When it comes to the other contributors, however, I respond as a rabid fan. They are: Peter Berkowitz, Joseph Bottum, Dinesh D’Souza, David Brooks, Danielle Crittenden, Tod Lindberg, Rich Lowry, Heather MacDonald, P.J. O’Rourke, Sally Satel, and Richard Starr.  At least for me, the curiosity factor here is huge.  It’s tough to put the book down because of that–and because (as noted in “Good is Bad”) this volume has been viciously criticized by the left for…good writing!  Every time I dip into these essays, I see something different.  Now that I’m moving through the book carefully, I’ll provide a brief preview of each essay.  Let me begin with the first three essays, and take up the rest in the coming days.

P.J. O’Rourke must be Mark Steyn’s funny uncle.  It’d be a sin (not to mention impossible) to summarize O’Rourke’s conversion narrative.  I literally laughed out loud on every page.  But as with Steyn, there’s serious intellectual punch in every punch line.  O’Rourke is America’s smartest anti-intellectual, and part of what he’s up to is driving home the dangers of thinking too much.  Along with laughs, this piece has got the sex.  Nuff said.  And watch out for the “layering” of O’Rourke’s conservative conversion.  After the leftist prelude came the libertarian O’Rourke.  The “social” stuff took longer. You’ll see why.

“Jimmy Carter made me the conservative I am today….”  That’s how Weekly Standard managing editor, Richard Starr’s piece begins.  Among friends of mine who’ve read the book, Starr’s piece has already become a kind of touchstone.  Our chief consolation at the thought of a Democratic victory in ‘08 is that, in the current world environment, the result will likely be “more Richard Starr’s.”  Starr’s piece also gives a fascinating glimpse of life at R. Emmett Tyrrell’s American Spectator, as the brash new world of conservative journalism began to expand beyond NR.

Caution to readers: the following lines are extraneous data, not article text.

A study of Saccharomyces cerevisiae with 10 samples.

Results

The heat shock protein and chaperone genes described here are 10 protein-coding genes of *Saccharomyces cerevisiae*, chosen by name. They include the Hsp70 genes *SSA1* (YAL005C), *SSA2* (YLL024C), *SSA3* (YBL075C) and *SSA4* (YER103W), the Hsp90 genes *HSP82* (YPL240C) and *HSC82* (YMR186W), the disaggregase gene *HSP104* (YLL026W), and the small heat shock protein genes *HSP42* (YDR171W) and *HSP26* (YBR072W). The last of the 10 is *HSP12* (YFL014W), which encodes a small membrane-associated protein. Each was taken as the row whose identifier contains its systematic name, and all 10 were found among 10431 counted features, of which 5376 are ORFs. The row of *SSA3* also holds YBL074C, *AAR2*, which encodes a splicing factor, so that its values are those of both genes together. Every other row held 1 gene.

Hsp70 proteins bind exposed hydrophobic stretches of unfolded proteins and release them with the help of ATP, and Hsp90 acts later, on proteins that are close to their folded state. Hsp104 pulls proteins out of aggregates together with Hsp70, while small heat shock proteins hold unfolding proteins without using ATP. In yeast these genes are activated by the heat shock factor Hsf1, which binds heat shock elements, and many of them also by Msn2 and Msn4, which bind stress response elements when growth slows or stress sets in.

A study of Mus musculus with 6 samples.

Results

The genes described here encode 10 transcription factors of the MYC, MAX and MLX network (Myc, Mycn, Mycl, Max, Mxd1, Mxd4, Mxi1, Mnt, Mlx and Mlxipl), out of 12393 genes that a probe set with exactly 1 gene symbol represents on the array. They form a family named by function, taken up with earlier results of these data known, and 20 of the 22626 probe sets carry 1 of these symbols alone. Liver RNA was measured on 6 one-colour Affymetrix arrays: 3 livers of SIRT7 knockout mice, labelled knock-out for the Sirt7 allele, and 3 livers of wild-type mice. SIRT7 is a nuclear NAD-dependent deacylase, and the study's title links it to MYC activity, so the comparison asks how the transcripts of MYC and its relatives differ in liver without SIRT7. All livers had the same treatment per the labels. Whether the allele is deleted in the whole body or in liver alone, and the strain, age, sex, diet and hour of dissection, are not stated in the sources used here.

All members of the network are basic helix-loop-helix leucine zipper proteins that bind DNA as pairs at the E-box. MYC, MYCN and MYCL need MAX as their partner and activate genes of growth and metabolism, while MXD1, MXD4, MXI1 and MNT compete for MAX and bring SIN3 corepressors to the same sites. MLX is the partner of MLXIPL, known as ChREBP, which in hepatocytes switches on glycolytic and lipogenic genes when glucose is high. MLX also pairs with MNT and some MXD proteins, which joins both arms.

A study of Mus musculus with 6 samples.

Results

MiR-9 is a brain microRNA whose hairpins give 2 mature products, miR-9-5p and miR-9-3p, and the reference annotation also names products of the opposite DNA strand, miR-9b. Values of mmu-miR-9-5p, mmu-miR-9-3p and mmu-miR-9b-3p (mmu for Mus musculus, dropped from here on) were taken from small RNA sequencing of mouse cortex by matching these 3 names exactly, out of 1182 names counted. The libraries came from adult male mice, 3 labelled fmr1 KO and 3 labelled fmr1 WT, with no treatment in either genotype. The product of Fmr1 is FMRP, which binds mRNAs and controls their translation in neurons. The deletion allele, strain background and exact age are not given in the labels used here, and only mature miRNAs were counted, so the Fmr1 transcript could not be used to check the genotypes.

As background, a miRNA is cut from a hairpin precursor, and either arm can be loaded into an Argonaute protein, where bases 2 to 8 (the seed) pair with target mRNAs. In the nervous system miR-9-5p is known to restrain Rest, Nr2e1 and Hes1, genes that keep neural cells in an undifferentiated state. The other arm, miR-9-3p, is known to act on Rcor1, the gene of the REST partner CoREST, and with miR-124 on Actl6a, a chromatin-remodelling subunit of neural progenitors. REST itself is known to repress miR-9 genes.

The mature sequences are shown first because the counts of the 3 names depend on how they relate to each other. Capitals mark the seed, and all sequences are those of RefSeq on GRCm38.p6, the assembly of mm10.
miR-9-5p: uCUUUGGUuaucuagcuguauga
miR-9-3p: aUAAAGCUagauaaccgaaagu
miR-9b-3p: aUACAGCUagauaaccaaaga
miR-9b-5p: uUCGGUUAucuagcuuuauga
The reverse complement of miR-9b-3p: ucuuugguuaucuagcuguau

Where exactly is David Brooks coming from?  Brooks is famously hard to peg (“the kind of conservative some New York Times readers can stand,” he calls himself).  But after reading this story, you will understand very clearly the moral-intellectual tensions Brooks is perpetually balancing.  Brooks also uses this occasion to reflect on how our troubles in Iraq have shifted the balance of his thinking.  But what I like most about this piece are the explanations that aren’t offered in so many words.  If you want to understand why Brooks came up with his “bobo” idea, or why he writes in defense of America’s suburbs, just read the story of his childhood.  It’s all there–of course, written in Brooks’s trademark fun and funny style.

So that’s a quick take on the opening essays of Why I Turned Right.  More in a couple of days.